Rows of decrepit, manure-strewn racehorse barns could pull the reins on Suffolk Downs’ casino dreams, after the Massachusetts Historic Commission threw up a roadblock on their proposed demolition in a landmark claim development experts say could be costly and time-consuming at best — and a project-killer at worst.
Suffolk Downs wants to demolish 30 wood-frame horse stables and a pony barn on the Revere side of the track to make way for the casino. It plans to move the barns to the East Boston side of the track, where the art deco clubhouse, grandstand and racetrack are located, all of which were built in 1935 and are listed in a state inventory of historic landmarks.
In a letter to the state environmental secretary obtained by the Herald, commission director Brona Simon says her staff “determined that the proposed demolition and new construction will have an ‘adverse effect’ … on the historic Suffolk Downs through the demolition of all or part of the property and the introduction of visual elements that are out of character with and will alter the setting of the property.”
David Begelfer, CEO of the National Association of Industrial and Office Properties Massachusetts, said adding mitigation demands have sometimes caused developers to walk away from projects.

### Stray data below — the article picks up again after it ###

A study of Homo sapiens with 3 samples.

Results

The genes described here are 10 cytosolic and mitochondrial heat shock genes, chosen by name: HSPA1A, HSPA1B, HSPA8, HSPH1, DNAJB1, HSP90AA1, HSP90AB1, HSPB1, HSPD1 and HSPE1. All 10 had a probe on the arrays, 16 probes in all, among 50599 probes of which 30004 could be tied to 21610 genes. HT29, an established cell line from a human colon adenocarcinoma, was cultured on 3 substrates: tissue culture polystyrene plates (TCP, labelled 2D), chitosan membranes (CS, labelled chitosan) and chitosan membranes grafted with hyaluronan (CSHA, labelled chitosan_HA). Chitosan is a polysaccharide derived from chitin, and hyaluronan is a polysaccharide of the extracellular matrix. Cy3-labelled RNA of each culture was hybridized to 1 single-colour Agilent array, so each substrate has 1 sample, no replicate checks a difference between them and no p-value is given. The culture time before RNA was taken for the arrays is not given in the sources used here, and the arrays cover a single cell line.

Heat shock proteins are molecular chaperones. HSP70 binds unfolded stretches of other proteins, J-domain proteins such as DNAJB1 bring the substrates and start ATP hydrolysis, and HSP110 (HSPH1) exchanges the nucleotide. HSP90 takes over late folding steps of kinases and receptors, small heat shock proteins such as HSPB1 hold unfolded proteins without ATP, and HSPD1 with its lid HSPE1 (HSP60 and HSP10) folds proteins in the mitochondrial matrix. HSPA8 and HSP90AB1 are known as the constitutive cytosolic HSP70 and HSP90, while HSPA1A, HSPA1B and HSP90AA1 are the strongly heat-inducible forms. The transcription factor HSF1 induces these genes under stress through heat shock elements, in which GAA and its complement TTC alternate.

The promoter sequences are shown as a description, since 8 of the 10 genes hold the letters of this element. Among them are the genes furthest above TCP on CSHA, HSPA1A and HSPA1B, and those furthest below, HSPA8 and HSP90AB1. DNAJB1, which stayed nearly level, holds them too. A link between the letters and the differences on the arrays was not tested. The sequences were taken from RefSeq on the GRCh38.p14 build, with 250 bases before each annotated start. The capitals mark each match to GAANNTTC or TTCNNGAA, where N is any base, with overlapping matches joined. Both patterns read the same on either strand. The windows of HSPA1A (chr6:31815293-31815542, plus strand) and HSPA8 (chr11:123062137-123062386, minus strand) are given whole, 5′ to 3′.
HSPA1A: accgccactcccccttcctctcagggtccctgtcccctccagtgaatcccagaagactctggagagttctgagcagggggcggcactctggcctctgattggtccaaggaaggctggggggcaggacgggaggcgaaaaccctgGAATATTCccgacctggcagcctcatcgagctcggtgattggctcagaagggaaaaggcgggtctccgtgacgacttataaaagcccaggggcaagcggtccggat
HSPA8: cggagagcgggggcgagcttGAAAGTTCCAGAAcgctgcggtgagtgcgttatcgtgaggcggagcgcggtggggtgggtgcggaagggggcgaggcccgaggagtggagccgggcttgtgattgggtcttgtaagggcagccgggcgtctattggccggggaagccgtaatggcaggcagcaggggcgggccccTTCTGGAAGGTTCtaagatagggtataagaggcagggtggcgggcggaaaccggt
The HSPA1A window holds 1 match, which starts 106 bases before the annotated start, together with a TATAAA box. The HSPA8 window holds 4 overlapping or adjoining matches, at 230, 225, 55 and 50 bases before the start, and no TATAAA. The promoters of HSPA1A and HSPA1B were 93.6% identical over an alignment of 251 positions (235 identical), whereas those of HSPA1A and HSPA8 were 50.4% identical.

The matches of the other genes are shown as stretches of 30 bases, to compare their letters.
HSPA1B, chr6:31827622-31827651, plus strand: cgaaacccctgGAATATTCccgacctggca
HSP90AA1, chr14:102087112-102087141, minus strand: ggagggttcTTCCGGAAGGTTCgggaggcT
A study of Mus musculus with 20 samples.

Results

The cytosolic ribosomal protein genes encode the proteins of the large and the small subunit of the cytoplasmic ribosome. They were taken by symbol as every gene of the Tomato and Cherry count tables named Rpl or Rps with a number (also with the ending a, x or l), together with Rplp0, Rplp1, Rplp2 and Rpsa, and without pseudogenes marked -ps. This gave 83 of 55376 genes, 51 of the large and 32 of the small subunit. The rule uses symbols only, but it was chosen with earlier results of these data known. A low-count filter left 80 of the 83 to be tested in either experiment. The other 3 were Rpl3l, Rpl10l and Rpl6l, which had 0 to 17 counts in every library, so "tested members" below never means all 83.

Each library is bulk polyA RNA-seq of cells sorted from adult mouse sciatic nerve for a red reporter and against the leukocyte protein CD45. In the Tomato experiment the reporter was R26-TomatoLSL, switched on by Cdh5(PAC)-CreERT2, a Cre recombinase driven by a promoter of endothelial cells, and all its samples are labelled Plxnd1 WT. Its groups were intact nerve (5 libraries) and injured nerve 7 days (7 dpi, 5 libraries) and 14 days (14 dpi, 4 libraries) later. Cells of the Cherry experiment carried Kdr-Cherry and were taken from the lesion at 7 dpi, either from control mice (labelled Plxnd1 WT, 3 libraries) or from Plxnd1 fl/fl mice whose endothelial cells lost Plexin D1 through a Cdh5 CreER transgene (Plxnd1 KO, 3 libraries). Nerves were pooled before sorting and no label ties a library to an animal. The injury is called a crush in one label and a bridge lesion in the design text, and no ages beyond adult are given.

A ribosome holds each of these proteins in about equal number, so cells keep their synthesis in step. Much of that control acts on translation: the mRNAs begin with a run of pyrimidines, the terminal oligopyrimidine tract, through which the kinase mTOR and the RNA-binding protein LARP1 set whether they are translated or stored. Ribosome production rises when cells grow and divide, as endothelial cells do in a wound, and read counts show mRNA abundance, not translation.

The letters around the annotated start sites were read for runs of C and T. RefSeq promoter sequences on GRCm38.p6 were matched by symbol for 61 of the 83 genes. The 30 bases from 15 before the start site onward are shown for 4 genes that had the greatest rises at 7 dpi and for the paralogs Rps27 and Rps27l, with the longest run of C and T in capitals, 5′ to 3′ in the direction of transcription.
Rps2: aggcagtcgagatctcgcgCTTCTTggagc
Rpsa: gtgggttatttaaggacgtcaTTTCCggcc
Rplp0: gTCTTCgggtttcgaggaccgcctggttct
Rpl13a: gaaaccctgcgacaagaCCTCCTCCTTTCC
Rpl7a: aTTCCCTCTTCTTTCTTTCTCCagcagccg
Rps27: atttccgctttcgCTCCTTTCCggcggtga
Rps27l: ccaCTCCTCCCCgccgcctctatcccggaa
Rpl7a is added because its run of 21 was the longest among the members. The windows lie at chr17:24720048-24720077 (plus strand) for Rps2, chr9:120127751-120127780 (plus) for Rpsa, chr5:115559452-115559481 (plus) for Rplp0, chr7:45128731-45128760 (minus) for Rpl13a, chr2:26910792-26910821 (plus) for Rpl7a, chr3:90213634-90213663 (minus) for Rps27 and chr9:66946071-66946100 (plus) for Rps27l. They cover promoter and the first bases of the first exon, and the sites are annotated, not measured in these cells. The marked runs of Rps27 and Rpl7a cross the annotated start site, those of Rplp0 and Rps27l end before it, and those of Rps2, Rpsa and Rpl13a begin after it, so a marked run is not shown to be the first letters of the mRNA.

“No one is excited to find out that they’re being considered under the auspices of Mass. Historic,” Begelfer said. “It certainly can slow things down considerably. Mass. Historic has not been known for keeping to tight time schedules.”
The landmark claim could mean Suffolk Downs and casino partner Mohegan Sun have to pay to study ways to mitigate any work involving the barns to the satisfaction of the state’s legacy gatekeepers. It’s a hurdle not faced by Mohegan Sun’s competitor for the lone Boston-area casino license, Wynn Resorts, though Wynn has its own problems with a contaminated industrial site in Everett, which the Herald has reported could also pose lengthy, costly delays to that project.
Suffolk Downs COO Chip Tuttle downplayed the historic commission’s letter as “a standard part of the permitting process.”
“We appreciate its interest in the preservation of racing and our historic racetrack and grandstand, understanding that the only opportunity for that preservation is the success of the Mohegan Sun’s proposal,” Tuttle said. A Mohegan Sun spokesman did not respond to requests for comment.